Thanks for shedding some more light on this. Could you clarify some more 
 - R13 should be set up regardless of RTEMS using EABI or SYSV, right?
   *** even if RTEMS is considered to be non-EABI, most BSPs are 
probably ***
   *** broken as they currently fail to setup R13.                       
 - it seems to me that R2/R13 don't really have to be set before _any_ C 
code is executed
   but they must be set before any code compiled with 
-msdata=eabi/sysv/use is called.
 - the current behavior (RTEMS calling __init from the ThreadHandler) is 
wrong. An application
   using main (and hence calling __eabi) has C++ constructors called twice.
 - substituting __init in ThreadHandler by __eabi is wrong but it should 
work as long as
    RTEMS does not _use_ R2 or R13 prior to executing __eabi.
 - the proper sequence would be:
     [0) if the relocation features are needed, relocation has to be 
performed first ]
     1) initialize R13 / R2 (using linker magic as you proposed) as 
early as possible
     2) initialize newlib
     3) call C++ constructors once ( __init from ThreadHandler)
     4) prevent app 'main' from calling __eabi
   That way, RTEMS itself and/or newlib could even benefit from the 
short data areas
   (requires building with -msdata=eabi or sysv)

   NOTE: all of this can easily be achieved if __eabi can be prevented 
from branching
                to __init. The BSP would then just call __eabi() at an 
early stage and
                the ThreadHandler calls __init as it has always done.

 - do you see any other difference between -meabi and -mno-eabi besides the
   stack alignment requirement? Is there any problem in real life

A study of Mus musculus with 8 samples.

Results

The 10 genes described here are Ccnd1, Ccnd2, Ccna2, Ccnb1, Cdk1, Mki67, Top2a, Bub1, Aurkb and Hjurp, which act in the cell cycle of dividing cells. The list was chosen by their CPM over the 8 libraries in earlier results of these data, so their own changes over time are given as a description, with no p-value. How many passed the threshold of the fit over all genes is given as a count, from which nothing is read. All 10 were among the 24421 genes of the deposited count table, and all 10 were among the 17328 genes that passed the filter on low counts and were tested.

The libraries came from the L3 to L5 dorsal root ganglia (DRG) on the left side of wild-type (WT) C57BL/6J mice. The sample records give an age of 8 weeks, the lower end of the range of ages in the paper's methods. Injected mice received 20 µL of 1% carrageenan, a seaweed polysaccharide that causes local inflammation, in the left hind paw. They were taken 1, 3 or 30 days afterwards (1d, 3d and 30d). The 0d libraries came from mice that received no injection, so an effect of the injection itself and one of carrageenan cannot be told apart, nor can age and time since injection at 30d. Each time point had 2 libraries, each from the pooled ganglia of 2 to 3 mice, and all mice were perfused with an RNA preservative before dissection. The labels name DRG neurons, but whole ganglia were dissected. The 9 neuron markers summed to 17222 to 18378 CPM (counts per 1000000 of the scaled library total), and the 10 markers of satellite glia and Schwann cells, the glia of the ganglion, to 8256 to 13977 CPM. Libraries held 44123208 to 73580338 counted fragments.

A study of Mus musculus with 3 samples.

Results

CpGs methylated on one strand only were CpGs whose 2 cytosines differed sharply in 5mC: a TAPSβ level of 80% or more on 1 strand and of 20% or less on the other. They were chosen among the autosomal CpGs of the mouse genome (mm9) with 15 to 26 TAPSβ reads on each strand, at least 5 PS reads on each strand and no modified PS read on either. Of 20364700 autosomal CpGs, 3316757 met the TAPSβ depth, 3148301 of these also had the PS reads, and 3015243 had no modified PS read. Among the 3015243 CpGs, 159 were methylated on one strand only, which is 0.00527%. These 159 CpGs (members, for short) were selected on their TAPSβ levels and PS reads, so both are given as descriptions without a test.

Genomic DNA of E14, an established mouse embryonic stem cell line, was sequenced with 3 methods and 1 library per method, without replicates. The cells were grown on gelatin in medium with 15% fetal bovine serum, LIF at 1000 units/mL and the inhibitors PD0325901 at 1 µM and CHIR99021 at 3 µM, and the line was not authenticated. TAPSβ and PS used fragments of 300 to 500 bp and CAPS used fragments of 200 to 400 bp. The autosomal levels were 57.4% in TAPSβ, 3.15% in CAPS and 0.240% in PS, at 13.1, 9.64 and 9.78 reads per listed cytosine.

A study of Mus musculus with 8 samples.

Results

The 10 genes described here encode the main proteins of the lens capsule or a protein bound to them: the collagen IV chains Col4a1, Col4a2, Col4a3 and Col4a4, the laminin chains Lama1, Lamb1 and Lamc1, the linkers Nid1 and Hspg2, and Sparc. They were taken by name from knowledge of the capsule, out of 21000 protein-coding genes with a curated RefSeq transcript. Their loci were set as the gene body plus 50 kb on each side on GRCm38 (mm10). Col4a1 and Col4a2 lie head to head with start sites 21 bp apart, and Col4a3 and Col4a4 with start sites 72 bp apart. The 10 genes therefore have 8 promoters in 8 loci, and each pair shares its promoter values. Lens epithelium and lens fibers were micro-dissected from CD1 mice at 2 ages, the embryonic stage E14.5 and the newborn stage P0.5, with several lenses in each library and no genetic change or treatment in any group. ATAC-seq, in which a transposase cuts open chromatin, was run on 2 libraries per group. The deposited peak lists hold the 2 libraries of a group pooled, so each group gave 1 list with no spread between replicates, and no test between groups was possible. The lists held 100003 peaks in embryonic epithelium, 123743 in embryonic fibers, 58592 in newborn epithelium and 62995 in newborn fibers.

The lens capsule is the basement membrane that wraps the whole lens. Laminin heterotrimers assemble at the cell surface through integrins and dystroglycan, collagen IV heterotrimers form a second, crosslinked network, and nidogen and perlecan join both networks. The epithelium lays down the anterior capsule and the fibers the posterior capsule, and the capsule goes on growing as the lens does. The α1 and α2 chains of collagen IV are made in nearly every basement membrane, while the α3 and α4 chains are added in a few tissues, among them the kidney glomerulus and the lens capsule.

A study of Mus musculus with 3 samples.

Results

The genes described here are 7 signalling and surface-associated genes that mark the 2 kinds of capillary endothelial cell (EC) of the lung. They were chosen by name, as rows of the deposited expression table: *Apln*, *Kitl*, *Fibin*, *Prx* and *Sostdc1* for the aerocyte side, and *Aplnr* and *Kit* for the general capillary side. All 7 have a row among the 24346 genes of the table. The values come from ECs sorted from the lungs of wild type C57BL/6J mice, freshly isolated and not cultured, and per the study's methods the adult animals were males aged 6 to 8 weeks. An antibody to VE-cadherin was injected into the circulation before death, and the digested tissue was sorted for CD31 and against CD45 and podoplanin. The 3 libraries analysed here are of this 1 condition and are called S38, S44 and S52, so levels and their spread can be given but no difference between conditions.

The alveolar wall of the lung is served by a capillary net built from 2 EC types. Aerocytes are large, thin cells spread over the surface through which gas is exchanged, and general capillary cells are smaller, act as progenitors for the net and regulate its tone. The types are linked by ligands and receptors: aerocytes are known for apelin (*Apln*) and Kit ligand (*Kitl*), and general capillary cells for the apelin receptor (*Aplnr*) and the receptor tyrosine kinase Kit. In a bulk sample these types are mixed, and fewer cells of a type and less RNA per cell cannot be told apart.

resulting from

The way I see it now (given the fact that some changes, even in the 
toolchain, are
necessary anyways), it seems that RTEMS should be declared to support EABI
(as Joel proposed). Hopefully the multilib jungle can be reduced somewhat.

-- Till

Sergei Organov wrote:

>For me it seems that discussion of the issues went too far in two other
>related threads, so I decided to start from scratch.
>First of all, let's explicitly separate two different issues: (1) low-level
>initialization that is ABI dependent and (2) calling of C++ constructors.
>The main difference between them is that these two steps should be done at
>*different* stages of RTEMS initialization sequence. While (2) could be done
>rather late (e.g., at the point RTEMS currently calls _init()), the (1) should
>be done before the first C/C++ routine is called. This observation immediately
>makes it apparent that __eabi() routine provided by gcc is useless for RTEMS
>as __eabi() does these two steps sequentially [1].
>To properly support SYSV-ABI/EABI from initialization point of view, the
>following actions could be taken:
>1. RTEMS should either provide empty __eabi() as a replacement of gcc-provided
>   __eabi() or, alternatively, undefine NAME__MAIN (and, maybe, INOVKE__main)
>   in gcc/config/rs6000/rtems.h file to prevent call to __eabi() from main()
>   by gcc.
>2. RTEMS should call __init() directly (not through __eabi()) when it's time
>   to invoke C++ constructors.
>3. RTEMS (in fact, BSP) should make ABI-dependent initialization itself in its
>   asm startup code before the first C routine is called. This is the place
>   where actual code could depend on particular ABI selected. Fortunately, it
>   seems that in the PowerPC case it's safe to just always load r13 and r2
>   with the values of linker-defined symbols, _SDA_BASE_ and _SDA2_BASE_,
>   respectively, no matter what ABI is actually in use.
>4. All the BSPs that implement (3) should define _SDA_BASE_ and _SDA2_BASE_ in
>   their linker scripts. Those that don't wish to actually support SYSV/EABI
>   conventions could define them to 0.
>Disclaimer: The above doesn't even try to address issues with relocations the
>__eabi() makes. I suppose they are useless unless somebody wants to link and
>load RTEMS application as relocatable code. Anyway, these issues could be
>discussed separately, I hope.
>[1] In fact I think the name of __eabi() function is somewhat misleading, as
>it does a lot of thing only a few of which are EABI-specific. Maybe that's why
>gcc now calls __eabi() no matter what ABI is actually selected by switches.